Thank you also. So if I wash with water and dry quickly, rust will not be under the primer?
 

 

This..^^
 

 

I would follow this also. ^^^^^^^^
You could dry them in the oven if you use water. I think there is a primer/paint combo spraypaint out there
 

 

 

 

TO GMSPORT: Just curious why etching primer on small and epoxy on large parts? Thanks
 


Water to clean blasted parts? Never heard of a shop doing that.

If you are compelled to wipe them down, get lint free rags. Paper towels suck. Media grit sizes leave different profiles, some will tear your rags up and leave a lot of lint.
 

I just clean with compressed air and a brush and prime.
 

I just clean with compressed air and a brush and prime.
You can use W&G but it takes a long time to evaporate due to the porous nature as you state. Not much of an issue with very fine media.
 


Wear gloves, blow them off with air compressor, hopefully a compressor that does not spit a lot of water/oil.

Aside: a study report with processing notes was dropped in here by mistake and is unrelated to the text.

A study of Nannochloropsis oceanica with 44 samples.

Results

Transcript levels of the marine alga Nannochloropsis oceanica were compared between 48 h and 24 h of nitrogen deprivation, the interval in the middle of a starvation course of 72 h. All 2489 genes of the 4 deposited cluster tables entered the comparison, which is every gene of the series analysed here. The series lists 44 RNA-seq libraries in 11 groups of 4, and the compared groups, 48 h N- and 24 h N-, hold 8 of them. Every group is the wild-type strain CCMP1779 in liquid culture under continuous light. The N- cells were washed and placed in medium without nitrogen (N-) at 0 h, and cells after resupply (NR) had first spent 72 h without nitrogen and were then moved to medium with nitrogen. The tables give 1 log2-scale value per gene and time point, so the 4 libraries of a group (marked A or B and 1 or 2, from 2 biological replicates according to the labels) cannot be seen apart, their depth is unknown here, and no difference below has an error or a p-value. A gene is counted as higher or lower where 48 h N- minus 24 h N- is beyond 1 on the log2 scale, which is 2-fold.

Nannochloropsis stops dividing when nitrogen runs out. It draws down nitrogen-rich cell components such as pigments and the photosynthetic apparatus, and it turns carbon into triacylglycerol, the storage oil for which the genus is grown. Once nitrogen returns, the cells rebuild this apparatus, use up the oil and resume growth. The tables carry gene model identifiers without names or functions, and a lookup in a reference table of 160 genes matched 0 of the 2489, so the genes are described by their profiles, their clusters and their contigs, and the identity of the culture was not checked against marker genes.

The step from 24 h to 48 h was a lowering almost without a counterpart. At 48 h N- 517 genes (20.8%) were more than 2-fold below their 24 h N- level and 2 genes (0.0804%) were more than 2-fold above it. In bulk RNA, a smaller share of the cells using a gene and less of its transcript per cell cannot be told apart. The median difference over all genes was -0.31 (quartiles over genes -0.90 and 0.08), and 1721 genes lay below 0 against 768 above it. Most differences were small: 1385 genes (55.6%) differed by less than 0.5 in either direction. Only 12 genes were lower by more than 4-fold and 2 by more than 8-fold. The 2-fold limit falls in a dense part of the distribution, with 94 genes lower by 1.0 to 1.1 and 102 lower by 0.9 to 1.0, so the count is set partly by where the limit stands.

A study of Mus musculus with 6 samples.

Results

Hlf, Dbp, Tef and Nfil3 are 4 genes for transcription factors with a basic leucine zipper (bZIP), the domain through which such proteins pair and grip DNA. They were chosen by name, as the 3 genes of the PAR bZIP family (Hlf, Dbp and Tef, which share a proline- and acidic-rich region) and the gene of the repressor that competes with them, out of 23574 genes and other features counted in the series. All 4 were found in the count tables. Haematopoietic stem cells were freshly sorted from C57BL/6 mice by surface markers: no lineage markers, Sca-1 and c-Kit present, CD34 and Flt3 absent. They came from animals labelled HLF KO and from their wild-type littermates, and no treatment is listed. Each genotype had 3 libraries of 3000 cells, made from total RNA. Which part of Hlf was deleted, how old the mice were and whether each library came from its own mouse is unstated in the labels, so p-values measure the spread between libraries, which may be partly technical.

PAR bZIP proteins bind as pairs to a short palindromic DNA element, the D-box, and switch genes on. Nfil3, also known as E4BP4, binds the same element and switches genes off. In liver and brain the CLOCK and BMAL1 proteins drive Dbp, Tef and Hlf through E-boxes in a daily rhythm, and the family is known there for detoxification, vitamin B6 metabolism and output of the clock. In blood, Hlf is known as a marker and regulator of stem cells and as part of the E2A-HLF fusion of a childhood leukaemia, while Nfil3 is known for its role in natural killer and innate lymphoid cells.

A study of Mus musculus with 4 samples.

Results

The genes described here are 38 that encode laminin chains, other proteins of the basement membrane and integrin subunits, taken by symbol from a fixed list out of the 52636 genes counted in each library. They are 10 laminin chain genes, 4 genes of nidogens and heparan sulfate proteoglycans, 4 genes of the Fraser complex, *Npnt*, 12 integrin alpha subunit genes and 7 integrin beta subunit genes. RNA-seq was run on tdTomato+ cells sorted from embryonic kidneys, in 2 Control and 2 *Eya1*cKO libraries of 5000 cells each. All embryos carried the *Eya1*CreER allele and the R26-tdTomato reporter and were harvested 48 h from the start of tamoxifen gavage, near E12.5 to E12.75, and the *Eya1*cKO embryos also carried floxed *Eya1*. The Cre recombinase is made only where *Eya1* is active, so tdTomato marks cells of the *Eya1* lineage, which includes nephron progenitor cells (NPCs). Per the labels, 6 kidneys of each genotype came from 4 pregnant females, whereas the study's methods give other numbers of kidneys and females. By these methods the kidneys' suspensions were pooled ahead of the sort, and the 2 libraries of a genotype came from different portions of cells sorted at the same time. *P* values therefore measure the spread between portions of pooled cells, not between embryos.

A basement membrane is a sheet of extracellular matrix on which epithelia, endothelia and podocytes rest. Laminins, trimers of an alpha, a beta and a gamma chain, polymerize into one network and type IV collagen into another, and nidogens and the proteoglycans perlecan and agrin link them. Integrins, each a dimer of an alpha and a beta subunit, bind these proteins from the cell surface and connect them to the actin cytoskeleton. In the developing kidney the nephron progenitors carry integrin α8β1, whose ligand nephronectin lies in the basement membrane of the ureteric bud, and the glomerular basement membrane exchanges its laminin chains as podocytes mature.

If any of my sandblasted parts ever flash rust, I blast them again.
 


Water to clean blasted parts? Never heard of a shop doing that.

If you are compelled to wipe them down, get lint free rags. Paper towels suck. Media grit sizes leave different profiles, some will tear your rags up and leave a lot of lint.
:yes::yes::yes: Jan 10th marked my 30th year of doing sandblasting/painting & restoration. I started my business when I was a sophomore in high school and have doing exactly what Scott is saying and have never had any issues. Just blow them off and start priming.
 

no paper, no liquids.



ETD 66SS, wax and grease remover is not the same as lacquer thinner. The idea in cleaning is to wet the surface enough to float the contaminates up into the liquid. The liquid is then wiped off with multiple rags. Thinner dries to quickly for this and does not wipe as clean, leaving a residue.